VA May Help Veterans Find Needed Organs

Over 600 veterans waiting for kidney transplants could receive very good news next month. The Pittsburgh Department of Veterans Affairs (VA) hospital transplant center, along with 3 other locations may very well have a new way to find matching organs for those veterans in need.

Paired kidney exchange is a new and growing practice. Here is how it works: usually people in need of organs go to their family or first to find someone who matches and can donate. If there are no matches, that friend or family donates to a pool of recipients. It is hoped that by doing this it will create a series of new kidneys available for kidney transplants.

William Gunnar, the National Director of Surgery for the Veterans Health Administration is considering allowing the VA to join the practice. Before he makes any decision whether the VA will go forward with the paired kidney exchange, he demands ethical and legal reviews of the practice. His review is expected to be concluded this month. There are 4 VA hospitals performing kidney transplants: 

  • Pittsburgh;
  • Nashville;
  • Iowa City; and
  • Portland.

There are 194 veterans waiting for kidneys at the Pittsburgh VA hospital alone yet that site only performs approximately 40 transplants every year. Kidney transplants save money as the more transplants are performed, the less money the VA spends on dialysis.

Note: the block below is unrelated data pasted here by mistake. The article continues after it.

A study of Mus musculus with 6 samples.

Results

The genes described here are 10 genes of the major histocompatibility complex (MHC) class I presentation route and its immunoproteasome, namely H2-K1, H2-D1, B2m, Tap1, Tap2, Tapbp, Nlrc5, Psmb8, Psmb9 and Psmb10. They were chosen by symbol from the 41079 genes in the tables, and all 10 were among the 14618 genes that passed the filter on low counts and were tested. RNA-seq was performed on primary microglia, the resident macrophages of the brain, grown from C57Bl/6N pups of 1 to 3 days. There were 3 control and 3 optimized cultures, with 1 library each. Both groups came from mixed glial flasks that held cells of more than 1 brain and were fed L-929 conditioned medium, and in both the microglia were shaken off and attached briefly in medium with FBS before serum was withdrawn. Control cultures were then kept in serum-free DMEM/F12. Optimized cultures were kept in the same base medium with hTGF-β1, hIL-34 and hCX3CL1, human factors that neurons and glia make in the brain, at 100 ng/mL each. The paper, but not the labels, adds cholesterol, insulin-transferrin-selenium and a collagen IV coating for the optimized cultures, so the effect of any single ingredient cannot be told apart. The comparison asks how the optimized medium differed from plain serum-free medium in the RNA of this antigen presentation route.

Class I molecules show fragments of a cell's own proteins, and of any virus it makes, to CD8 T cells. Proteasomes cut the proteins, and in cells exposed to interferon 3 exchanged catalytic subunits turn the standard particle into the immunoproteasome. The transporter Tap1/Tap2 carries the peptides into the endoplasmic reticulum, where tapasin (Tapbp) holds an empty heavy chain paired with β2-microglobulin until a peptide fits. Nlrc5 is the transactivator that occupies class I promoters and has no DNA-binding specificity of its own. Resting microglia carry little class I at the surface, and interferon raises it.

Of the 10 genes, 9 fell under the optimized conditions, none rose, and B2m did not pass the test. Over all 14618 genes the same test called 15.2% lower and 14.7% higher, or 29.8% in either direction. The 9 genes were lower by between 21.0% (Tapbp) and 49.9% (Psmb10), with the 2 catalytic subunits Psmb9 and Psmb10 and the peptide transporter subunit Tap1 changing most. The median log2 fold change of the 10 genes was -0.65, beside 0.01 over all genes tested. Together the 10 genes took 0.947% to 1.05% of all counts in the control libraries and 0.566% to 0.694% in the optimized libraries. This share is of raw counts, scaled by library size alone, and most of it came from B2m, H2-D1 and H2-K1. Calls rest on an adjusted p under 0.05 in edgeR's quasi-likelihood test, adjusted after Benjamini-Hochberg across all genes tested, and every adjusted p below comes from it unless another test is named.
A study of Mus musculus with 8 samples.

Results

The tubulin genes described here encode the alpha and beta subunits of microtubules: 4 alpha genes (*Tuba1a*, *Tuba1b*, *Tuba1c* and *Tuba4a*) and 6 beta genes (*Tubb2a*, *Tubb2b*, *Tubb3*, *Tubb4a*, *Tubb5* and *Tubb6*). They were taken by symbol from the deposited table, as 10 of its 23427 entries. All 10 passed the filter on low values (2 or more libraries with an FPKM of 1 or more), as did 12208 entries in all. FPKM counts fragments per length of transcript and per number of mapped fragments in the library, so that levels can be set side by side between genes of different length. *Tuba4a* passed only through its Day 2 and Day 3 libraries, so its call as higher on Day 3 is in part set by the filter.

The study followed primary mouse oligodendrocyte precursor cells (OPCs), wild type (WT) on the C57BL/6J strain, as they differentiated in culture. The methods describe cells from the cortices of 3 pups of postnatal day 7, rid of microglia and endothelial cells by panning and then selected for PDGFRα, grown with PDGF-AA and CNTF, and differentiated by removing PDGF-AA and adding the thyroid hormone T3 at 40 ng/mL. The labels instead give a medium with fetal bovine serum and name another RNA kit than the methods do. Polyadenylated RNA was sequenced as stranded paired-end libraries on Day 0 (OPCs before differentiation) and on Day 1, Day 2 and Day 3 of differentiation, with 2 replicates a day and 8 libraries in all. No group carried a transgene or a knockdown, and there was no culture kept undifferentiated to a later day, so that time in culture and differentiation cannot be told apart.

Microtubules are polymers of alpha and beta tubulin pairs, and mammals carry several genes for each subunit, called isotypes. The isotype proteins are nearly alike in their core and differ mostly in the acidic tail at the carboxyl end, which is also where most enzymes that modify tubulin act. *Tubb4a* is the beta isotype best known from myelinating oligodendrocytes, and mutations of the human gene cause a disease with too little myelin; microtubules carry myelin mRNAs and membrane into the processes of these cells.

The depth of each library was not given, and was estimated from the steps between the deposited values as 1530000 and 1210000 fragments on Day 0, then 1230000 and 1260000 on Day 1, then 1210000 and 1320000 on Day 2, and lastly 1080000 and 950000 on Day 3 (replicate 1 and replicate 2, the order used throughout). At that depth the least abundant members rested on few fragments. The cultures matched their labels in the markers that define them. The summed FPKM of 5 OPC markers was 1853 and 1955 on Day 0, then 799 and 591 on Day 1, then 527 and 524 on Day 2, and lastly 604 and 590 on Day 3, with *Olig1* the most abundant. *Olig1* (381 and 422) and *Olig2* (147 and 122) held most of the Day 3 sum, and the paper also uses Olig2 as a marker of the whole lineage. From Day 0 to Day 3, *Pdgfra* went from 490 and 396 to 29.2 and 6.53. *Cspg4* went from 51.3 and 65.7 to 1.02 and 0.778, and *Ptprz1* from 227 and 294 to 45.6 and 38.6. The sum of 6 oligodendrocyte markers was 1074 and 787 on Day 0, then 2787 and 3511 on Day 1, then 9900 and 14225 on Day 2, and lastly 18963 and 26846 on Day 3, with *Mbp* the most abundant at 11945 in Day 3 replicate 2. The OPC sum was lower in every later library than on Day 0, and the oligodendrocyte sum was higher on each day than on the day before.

According to a 2007 federal law, paired kidney exchanges does not equate to selling organs. Gunner, however, still wants to receive a legal opinion before giving the green light on letting the VA go ahead with the program. There are many steps between now and allowing the VA to participate in a paired kidney exchange. The quicker the program gets approved, the quicker veterans in need get help.

If you are a disabled veteran who has been denied disability compensation or have not yet applied for benefits from the VA, contact Veterans Help Group. You may be entitled to certain programs and benefits so contact our veterans disability rights firm today.